Postby webmaster » Fri May 03, 2013 2:53 pm

You know that sales of residential property are down in any city when builders start widely advertising their 20:80 schemes. Clearly, 20:80 schemes are launched by builders as a sales promotion tool. So does that mean that 20:80 schemes are always beneficial for consumer or investor? That would broadly be true if you are in the market to buy an under construction property.

There are three broad variations of this scheme.

The true blue 20:80 schemes

Here the investor pays 20 per cent of the purchase price and the balance is payable on possession irrespective of when it happens. The investor is not required to take a loan from any institution and this is an arrangement between the investor and the builder. This kind of scheme is normally restricted to projects at a pre-launch stage or at very early stages of construction (at which time all approvals may not be in place), which means the project is very risky from the investor standpoint. The benefit is that the investor is able to invest in a property at an early stage of its construction and benefit from the appreciation in the value of the property as the construction is completed. The price for investors opting for the 20:80 schemes tends to be higher than those who opt for the regular construction-linked plan. It is only hardened real estate investors who can take a call on whether it is worthwhile to pay the additional price to reduce the cost of project delays versus pay a regular price but suffer from higher costs if the project is delayed.

Investors opting for this kind of scheme must watch out for clauses that restrict their ability to sell their flat during the construction period.

Consumer, builder and lender

Here the bank agrees to disburse the amounts to the builder as construction progresses and the builder agrees to pay the pre-EMI interest on the disbursed amounts till possession. Also in such schemes the price for consumers opting for the scheme tends to be just a tad higher than what is available to consumers who do not take this scheme. Apart from the restriction on the ability to sell as mentioned above, consumers who opt for this scheme should also be aware that in case the developer defaults on the obligation to pay the pre-EMI interest they continue to remain liable to the lender for the pre-EMI interest. If the builder defaults on his obligations and the consumer refuses to pay the pre-EMI interest then the consumers credit record will be adversely affected. But in practice this is good scheme to reduce the costs of project delays since the lender closely monitors the progress of the construction.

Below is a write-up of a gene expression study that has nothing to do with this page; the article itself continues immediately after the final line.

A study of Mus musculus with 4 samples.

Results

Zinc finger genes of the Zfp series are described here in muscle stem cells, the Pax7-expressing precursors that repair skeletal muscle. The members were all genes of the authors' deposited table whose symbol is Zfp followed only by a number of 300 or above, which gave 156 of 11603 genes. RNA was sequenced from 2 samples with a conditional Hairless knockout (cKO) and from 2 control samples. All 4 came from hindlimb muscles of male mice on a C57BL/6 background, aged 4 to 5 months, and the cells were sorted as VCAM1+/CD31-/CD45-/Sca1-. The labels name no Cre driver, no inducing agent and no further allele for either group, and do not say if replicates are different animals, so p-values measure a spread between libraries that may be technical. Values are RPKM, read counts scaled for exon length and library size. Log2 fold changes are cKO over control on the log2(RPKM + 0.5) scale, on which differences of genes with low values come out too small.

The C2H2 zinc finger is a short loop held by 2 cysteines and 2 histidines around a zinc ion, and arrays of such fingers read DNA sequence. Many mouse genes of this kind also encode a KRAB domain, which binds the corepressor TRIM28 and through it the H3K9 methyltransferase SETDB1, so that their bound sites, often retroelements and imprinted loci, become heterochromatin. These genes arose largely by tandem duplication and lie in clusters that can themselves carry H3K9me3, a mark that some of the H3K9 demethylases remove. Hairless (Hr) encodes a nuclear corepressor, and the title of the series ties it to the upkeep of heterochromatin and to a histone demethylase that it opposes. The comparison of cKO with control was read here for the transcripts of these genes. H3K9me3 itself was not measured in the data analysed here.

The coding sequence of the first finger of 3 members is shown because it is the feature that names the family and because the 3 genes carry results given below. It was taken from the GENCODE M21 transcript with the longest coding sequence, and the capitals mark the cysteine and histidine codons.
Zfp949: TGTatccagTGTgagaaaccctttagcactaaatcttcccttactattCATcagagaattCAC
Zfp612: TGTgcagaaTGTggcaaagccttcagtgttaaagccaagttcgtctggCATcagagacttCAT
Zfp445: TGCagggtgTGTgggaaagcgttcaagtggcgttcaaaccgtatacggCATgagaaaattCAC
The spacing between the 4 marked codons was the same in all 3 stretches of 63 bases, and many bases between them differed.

A variation of the second

Here, except that the pre-EMI interest is payable by the developer to the lender for a fixed period usually two or three years after purchase and if the possession is delayed beyond that period the liability shifts back to the consumer. This kind of scheme does not provide any protection against the risk of project delays and if it is at a higher price than a normal purchase it does not make any sense. It also indicates that the builder himself is not confident of the project schedule and hence he is restricting his liability for a fixed period. This kind of scheme does not make any sense and the consumer should read the document carefully as these schemes are frequently mis-sold as the schemes in the second category outlined above.

A consumer is always much better off buying a comparable ready- to-move in property rather than buying an under-construction property. The so-called lower price of under construction property is more than set off by the increase in tax payments alone. Service tax and VAT together account for around 4-5 per cent of the flat value and these taxes are not payable on ready to move in property. Additionally,a if you take into account the risk element inherent in an under-construction project the cost will far outstrip the cost of comparable ready to move in property.

To conclude if you do want to buy an under construction property then a 20:80 scheme does help in reducing the cost of project delays and you should consider them.